AstraZeneca commits to 1.8 mln Thai vaccine doses amid supply anxiety
The joint announcement by AstraZeneca and Siam Bioscience, a firm owned by Thailand's king, comes amid public anxiety about vaccine supplies, as the country suffers its most severe outbreak so far. It did not say whether the Thai plant would make all 6 million doses that Thailand's government has promised would be available this month.
Drugmaker AstraZeneca said on Wednesday it would soon provide Thailand with 1.8 million doses of locally manufactured COVID-19 vaccine, the first of multiple batches this month, just days away from the launch of the country's vaccination drive. The joint announcement by AstraZeneca and Siam Bioscience, a firm owned by Thailand's king, comes amid public anxiety about vaccine supplies, as the country suffers its most severe outbreak so far.
It did not say whether the Thai plant would make all 6 million doses that Thailand's government has promised would be available this month. The government's mass immunisation drive starts on Monday and relies almost entirely on its reserved 61 million doses of AstraZeneca vaccine, most of which it said would come from Siam Bioscience, which is making vaccines for the first time.
Questions about Siam Bioscience meeting production targets are sensitive because King Maha Vajiralongkorn is its sole owner. Insulting Thailand's monarchy is a crime punishable by up to 15 years in prison. AstraZeneca has partnered with the Thai firm for the manufacture of 200 million doses for use in Southeast Asia, a region with low COVID-19 immunisation rates that is seeing a strong resurgence of the virus.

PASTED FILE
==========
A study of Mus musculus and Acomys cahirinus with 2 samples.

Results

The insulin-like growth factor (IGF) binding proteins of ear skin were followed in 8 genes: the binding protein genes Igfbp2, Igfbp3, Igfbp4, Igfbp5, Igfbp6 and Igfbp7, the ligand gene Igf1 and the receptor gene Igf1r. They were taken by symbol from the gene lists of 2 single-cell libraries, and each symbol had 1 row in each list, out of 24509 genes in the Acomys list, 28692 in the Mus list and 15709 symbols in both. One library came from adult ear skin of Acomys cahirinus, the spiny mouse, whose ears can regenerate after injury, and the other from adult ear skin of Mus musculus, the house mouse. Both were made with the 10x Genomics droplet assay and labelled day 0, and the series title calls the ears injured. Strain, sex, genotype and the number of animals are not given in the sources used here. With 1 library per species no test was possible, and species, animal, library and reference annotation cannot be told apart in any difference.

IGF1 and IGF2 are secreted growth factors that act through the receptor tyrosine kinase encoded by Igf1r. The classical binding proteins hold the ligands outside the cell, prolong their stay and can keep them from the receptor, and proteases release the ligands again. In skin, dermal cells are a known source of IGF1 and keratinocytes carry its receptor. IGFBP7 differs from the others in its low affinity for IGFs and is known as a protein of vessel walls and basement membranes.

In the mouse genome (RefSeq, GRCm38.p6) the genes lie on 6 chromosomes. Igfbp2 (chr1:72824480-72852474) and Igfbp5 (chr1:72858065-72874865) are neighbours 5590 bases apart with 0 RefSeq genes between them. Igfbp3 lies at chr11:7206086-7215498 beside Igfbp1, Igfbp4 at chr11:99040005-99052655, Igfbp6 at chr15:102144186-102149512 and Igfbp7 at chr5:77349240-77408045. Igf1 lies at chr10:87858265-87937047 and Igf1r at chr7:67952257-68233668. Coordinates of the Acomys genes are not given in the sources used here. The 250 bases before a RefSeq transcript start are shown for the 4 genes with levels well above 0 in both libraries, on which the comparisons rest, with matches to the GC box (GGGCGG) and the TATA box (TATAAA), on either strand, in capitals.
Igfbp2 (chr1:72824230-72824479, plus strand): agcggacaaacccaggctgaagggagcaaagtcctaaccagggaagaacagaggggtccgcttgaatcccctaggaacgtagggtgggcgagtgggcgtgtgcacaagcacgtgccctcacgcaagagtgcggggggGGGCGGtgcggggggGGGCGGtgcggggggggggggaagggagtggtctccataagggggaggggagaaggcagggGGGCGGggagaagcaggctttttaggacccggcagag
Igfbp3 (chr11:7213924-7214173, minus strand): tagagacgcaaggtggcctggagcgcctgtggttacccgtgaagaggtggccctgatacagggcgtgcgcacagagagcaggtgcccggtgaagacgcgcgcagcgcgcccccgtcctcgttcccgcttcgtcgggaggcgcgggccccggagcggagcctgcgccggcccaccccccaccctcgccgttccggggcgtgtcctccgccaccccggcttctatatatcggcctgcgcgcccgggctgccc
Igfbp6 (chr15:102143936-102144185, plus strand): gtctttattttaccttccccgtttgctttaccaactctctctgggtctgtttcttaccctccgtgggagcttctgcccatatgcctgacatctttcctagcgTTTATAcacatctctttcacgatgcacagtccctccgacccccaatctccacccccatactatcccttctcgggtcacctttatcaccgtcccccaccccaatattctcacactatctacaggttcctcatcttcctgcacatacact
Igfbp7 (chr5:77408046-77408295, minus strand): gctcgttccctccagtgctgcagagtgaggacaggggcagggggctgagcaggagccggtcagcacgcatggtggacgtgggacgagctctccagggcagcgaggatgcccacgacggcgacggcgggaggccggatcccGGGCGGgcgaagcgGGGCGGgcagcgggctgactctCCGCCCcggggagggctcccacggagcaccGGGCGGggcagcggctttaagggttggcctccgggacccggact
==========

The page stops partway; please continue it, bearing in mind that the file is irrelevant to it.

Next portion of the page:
Thailand is seeking 100 million doses of coronavirus vaccine this year in total. Thai health minister Anutin Charnvirakul said on Wednesday the promised 6 million doses would come this month "as planned", but specified no delivery dates or the number to be sourced locally.
Anutin also said Thailand will get an additional 11 million doses of Sinovac vaccines before August. Thailand has used the Chinese vaccine for most of its early inoculations of frontline workers. "We will get AstraZeneca vaccine. It may come from wherever, but all AstraZeneca just the same. It could be made in Thailand or imported from overseas. It depends on AstraZeneca's supply chain," Anutin told reporters.
Siam Bioscience has not answered queries from Reuters on its production targets. AstraZeneca said 1.8 million locally produced doses would be delivered by Monday, the first of multiple deliveries this month.
It said deliveries of Thai-made doses to other Southeast Asian countries would start in July. The first delivery to the Philippines, which was promised 17 million doses, was cut from 1.3 to 1.17 million doses and delayed from late June to mid-July, a Philippine presidential advisor told Reuters on Tuesday, citing Thai production delays.